Children’s, the Emory University School of Medicine Department of Pediatrics and Georgia Institute of Technology have received a total of $54 million from the National Institutes of Health (NIH) for the Rapid Acceleration of Diagnostics (RADx) program. This includes an initial $31 million supplement awarded in May 2020—one of the largest grants awarded to any participant in the RADx program. RADx is a federal initiative designed to rapidly transform early, innovative technologies into widely accessible COVID-19 diagnostic testing.
In April 2020, Children’s, Emory University and Georgia Tech were selected to lead the national effort in testing validation and verification through the Atlanta Center for Microsystems Engineered Point-of-Care Technologies (ACME POCT). The center has since participated in verifying more than 40 tests for the NIH, including an at-home test that received emergency use authorization from the U.S. Food and Drug Administration (FDA).
“The $31 million award was the largest NIH grant ever to be received by Children’s or Emory University in a single budget cycle,” says Lucky Jain, MD, MBA, Chief Academic Officer at Children’s and Chair of the Emory University Department of Pediatrics. “With a total of $54 million, the team will continue their exciting and fast work, helping the country’s safe return to work and school. We are thrilled to see them on the front line, leading the way in such a historic initiative.”
As one of only five NIH-funded, point-of-care technology centers in the nation within the Point-of-Care Technologies Research Network, ACME POCT leads testing verification and works closely with partners across the country—including relevant technology developers and others in the medical diagnostics industry—to make millions of easy-to-use tests available.
“We are vetting thousands of COVID-19 diagnostic tests the NIH receives from across the country to a smaller group of meritorious projects, which our center shepherds toward manufacturing and scale up for use at home or in the clinic,” says Wilbur Lam, MD, PhD, a Pediatric Hematologist/Oncologist at the Aflac Cancer and Blood Disorders Center of Children’s and Principal Investigator of ACME POCT.
The National Institute of Biomedical Imaging and Bioengineering (NIBIB) in April 2020 urged scientists and inventors with rapid testing technology to compete in the national COVID-19 testing challenge to support overall phases of development to assist the public’s safe return to normal activities. The technologies were put through a highly competitive, rapid three-phase selection process to identify the best candidates for at-home or other point-of-care use.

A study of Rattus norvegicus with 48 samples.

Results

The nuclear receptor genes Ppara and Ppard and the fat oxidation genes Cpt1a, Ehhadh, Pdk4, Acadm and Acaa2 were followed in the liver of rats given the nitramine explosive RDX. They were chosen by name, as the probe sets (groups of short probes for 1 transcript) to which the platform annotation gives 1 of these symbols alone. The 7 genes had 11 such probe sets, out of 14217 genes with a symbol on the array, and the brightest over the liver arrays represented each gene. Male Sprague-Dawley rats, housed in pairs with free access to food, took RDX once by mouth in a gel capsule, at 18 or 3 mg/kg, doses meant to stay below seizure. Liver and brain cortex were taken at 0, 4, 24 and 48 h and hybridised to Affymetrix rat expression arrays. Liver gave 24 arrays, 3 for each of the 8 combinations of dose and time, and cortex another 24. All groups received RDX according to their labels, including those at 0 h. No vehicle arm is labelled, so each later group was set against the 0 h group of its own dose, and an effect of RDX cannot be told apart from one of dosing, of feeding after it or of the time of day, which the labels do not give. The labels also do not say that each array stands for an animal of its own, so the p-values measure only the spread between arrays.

ACME POCT fosters the development and commercialization of microsystems (microchip-enabled, biosensor-based, microfluidic) diagnostic tests that can be used outside the traditional hospital setting, in places such as the home, community or doctor’s office.
The project has multiple principal investigators, including Dr. Lam, who is also a Professor at Emory University and the Wallace H. Coulter Department of Biomedical Engineering at Georgia Tech; Greg Martin, MD, MSc, Professor at Emory University and Chair of Critical Care for Grady Health System; and Oliver Brand, PhD, Professor in the Georgia Tech College of Engineering School of Electrical and Computer Engineering, and Executive Director of the Institute for Electronics and Nanotechnology. Together, the team makes up one of the primary point-of-care centers in the nation dedicated to developing microsystems with sensors, smartphones and wearable technologies.
Research reported in this article was supported by the National Institute of Biomedical Imaging and Bioengineering of the National Institutes of Health under awards U54 EB027690-02S1 and U54 EB027690-03.
Lucky Jain, MD, MBA, became the Chief Academic Officer at Children’s Healthcare of Atlanta in 2017. He also serves as George W. Brumley Jr. Professor, Chair of the Department of Pediatrics at Emory University School of Medicine.
Wilbur Lam, MD, PhD, is a Pediatric Hematologist/Oncologist at the Aflac Cancer and Blood Disorders Center of Children’s Healthcare of Atlanta, as well as a Professor at Emory University School of Medicine and Georgia Institute of Technology. He is also Principal Investigator at the Atlanta Center for Microsystems Engineered Point-of-Care Technologies (ACME POCT).